Luke Barnes, Barrister, 3 Dr Johnson’s Buildings
Staying up to date with developing, chancery-oriented case law may be something of a headache for even the most experienced family practitioners. Luke Barnes’s article surveys recent developments in the judicial treatment of inference, detriment and illegality.
Inferred intention was authoritatively defined in both Stack v Dowden and Jones v Kernott and distinguished from imputed intention, with important consequences. The court may not impute to the parties a common intention to share the beneficial ownership of a property – although it is entirely entitled to draw that inference. Thus it is crucial for practitioners to understand how the courts approach the use of inference.
Detriment is an essential component in the establishment of a common intention constructive trust, as the Court of Appeal has recently confirmed emphatically, providing a working definition of what amounts to detriment and confirming that the issue is a matter for the court’s evaluation in the light of all the evidence.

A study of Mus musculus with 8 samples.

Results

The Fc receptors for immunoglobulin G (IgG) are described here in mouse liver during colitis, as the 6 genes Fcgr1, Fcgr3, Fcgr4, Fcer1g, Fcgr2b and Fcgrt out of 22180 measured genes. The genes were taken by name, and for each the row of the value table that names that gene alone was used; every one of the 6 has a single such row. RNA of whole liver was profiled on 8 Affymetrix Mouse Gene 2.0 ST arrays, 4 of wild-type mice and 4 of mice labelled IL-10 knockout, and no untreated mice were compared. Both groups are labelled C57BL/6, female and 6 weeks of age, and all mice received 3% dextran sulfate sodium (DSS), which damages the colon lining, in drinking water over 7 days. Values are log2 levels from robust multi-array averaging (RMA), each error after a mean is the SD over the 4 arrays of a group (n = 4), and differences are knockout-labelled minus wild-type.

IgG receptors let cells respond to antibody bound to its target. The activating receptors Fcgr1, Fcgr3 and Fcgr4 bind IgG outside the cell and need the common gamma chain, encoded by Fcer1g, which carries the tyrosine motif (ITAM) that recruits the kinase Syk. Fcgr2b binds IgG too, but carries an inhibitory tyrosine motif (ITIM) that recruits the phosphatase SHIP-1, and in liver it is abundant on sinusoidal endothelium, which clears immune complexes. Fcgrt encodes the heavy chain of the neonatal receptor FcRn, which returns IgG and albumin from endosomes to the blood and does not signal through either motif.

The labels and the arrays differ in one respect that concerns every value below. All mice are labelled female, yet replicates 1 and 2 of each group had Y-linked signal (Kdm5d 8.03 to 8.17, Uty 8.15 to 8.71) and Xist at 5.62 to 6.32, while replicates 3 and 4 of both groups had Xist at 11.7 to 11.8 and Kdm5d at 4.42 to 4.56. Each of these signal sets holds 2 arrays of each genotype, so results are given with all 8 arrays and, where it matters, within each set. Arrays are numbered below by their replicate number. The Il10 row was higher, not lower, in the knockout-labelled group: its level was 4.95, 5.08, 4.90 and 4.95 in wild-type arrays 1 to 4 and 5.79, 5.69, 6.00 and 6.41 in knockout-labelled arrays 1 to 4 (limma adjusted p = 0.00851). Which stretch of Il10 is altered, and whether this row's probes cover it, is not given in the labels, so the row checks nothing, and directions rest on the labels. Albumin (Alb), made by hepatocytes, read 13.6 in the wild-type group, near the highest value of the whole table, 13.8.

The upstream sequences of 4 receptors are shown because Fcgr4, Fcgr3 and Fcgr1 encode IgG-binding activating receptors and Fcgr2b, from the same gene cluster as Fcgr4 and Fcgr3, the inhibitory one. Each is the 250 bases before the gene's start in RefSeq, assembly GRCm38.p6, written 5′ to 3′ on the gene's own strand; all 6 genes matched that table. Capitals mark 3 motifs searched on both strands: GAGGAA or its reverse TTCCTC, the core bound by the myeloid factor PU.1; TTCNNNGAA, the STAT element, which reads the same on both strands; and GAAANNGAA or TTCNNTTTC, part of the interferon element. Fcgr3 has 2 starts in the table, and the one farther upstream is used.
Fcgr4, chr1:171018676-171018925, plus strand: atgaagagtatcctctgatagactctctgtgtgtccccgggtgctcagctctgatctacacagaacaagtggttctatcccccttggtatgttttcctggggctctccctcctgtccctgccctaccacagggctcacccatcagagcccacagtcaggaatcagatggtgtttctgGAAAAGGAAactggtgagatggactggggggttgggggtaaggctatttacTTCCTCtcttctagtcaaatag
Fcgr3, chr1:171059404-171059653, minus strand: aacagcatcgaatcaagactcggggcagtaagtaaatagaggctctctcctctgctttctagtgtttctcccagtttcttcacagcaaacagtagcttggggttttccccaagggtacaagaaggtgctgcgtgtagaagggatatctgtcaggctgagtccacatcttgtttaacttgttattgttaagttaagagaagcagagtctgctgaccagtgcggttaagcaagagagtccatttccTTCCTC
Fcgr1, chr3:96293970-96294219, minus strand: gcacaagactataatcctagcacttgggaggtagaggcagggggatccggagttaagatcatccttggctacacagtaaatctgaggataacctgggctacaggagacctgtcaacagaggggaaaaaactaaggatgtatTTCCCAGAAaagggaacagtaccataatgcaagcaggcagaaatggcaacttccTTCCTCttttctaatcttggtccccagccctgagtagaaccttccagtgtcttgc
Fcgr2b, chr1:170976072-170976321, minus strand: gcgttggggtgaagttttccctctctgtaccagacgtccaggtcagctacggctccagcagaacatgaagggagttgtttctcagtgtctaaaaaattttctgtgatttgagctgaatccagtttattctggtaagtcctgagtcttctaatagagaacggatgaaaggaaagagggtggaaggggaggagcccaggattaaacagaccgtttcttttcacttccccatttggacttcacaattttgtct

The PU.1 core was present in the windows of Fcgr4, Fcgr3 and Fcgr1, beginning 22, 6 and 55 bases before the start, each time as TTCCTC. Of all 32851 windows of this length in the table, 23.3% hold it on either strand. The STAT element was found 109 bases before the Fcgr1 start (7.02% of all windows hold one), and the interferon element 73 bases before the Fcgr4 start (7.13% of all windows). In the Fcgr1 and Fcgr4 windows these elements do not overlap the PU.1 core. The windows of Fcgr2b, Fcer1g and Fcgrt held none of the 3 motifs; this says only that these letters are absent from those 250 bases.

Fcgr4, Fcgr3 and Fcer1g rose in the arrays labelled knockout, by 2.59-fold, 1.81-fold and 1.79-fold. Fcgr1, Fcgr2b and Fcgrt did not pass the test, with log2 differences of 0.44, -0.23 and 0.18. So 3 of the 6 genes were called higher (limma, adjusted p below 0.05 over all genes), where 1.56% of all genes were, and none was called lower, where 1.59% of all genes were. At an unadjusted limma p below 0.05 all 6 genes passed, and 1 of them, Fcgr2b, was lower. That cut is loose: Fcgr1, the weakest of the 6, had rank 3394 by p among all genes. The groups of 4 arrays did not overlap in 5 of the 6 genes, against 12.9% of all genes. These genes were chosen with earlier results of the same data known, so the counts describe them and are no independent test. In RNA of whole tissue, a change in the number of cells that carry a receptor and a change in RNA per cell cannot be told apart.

Patel v Mirza  UKSC 42 saw a dramatic change in the law. A claimant is no longer barred from relief if his case must rely on his own illegal conduct (e.g. a scheme to make a fraudulent state benefits claim). Instead the court will consider the underlying purpose of the law he has transgressed, any other relevant public policy affected, and consider if denial of the claim would be a proportionate response, given that punishment is a matter for the criminal courts. Luke surveys recent authorities applying Patel v Mirza.